Spring Migration and Bird Identification


Yesterday my cats woke me up just as the day was dawning, and I clearly heard Song Sparrows and Pacific Wrens singing. They know that Spring and the breeding season will soon begin. And the first of the migrants have arrived as well.

Migration Update – Three early migrants have been spotted so far. Rufous Hummingbirds have joined the over-wintering Anna’s Hummingbirds at our feeders. The Rufous males have a distinctive whirling noise to their wings and bold rusty red coloration.

Swallows are also early migrants, seen feeding over wetlands. The first ones, Tree and Barn Swallows, will soon be followed by other species.

I like to get comments and requests from readers, and one of them asked me to write more about how to identify bird species. So, I asked Liam for paired photos that illustrated identification features or challenges, and for this week, we have three pairs to discuss.

The first pair is Song Sparrow and Fox Sparrow. These are fairly common area birds that hang out in similar brushy areas in the winter. Take a look at Liam’s photos. You’ll notice first that they both are brown and have stubby beaks, marking them as seed-eating birds and probably sparrows (our best-known “little brown birds”). But there are differences, even in the beaks, with the Fox Sparrow having a yellowish lower mandible.

Now look at the bird’s breast streaks. The Fox Sparrow’s streaks are better defined, and its back is a more consistent color. The Song Sparrow’s breast is also streaked, but its streaks are not as bold. It has a center dark breast spot, and its back also has obvious streaks.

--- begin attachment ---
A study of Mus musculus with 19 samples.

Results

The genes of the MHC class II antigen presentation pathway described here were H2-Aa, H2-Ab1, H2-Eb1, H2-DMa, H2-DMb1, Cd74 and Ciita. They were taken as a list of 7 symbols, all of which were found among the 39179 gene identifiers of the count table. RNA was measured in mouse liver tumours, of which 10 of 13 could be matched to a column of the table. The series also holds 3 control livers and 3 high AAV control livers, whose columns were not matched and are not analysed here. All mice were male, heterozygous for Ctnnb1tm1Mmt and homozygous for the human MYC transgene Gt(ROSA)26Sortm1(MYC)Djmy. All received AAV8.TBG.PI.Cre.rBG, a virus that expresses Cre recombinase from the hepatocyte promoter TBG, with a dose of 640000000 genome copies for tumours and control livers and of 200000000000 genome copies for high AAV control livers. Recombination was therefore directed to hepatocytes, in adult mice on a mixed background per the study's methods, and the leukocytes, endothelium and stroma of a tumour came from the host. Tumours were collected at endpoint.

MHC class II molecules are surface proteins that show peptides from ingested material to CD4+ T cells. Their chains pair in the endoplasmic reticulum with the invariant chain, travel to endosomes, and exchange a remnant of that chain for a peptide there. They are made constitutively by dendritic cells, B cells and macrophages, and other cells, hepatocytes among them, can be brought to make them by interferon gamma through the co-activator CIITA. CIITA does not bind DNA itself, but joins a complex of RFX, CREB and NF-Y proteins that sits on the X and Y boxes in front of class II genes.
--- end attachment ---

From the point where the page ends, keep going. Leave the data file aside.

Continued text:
You can find out more about these species, and all North American birds, at I urge you to check out the entire website and, in particular, download it to your cell phone the free identification app. The site has links to both Google and Apple web stores.

Our second bird pair are two species of woodpecker, the Downy Woodpecker and Hairy Woodpecker. Both these species are fairly common in our area and since they are usually seen as single birds, sometimes they’re a challenge to identify. Again, take a look at Liam’s photographs.

First, they are obviously woodpeckers. They are predominantly black and white, clinging to a tree branch, and they have a bold, chisel-like beak. And the photos show sex difference, with males having a red slash on the back of their heads that females lack. These photos also show another woodpecker feature – two toes up and two toes down. This 2+2 arrangement is different than most other bird species.

The two species differ in size; the Hairy is nearly 50% larger (9+” vs. 6+”), but that can sometimes be difficult to judge for an individual bird, although Downy Woodpeckers usually look smaller. But look at the two birds’ bills. Hairy Woodpecker’s bills look like a bold chisel whereas a Downy’s bill is much smaller and slimmer.

Liam’s third pair of photos present an even greater identification problem. These two birds are the Ruby-crowned Kinglet and the Hutton’s Vireo. These are small insect-eating birds and year-round residents in our area. Although they both search around for food in a variety of habitats, they are unrelated species. The kinglets often hang out in pairs – if you see one, you’ll likely see two.

Vireos, in contrast, are more likely seen as single birds, but in the winter, these singles like to join small flocks of mixed species. This offers some group protection from predators and also means there are many eyes searching for possible food caches. When you get a good look, you can tell the species apart by the bill (stubby vs. thinner) and sometimes by the bird’s shade of color.

This last comparison is a real identification challenge for even experienced bird watchers. But, you asked, and I’m glad you did. Please continue to send me your suggestions for column topics.

George Walter is the environmental program manager at the Nisqually Indian Tribe’s natural resources department; he also has a 40+ year interest in bird watching. He may be reached at

Photos for this column are provided by Liam Hutcheson, a 15-year-old Olympia area birder and avid photographer.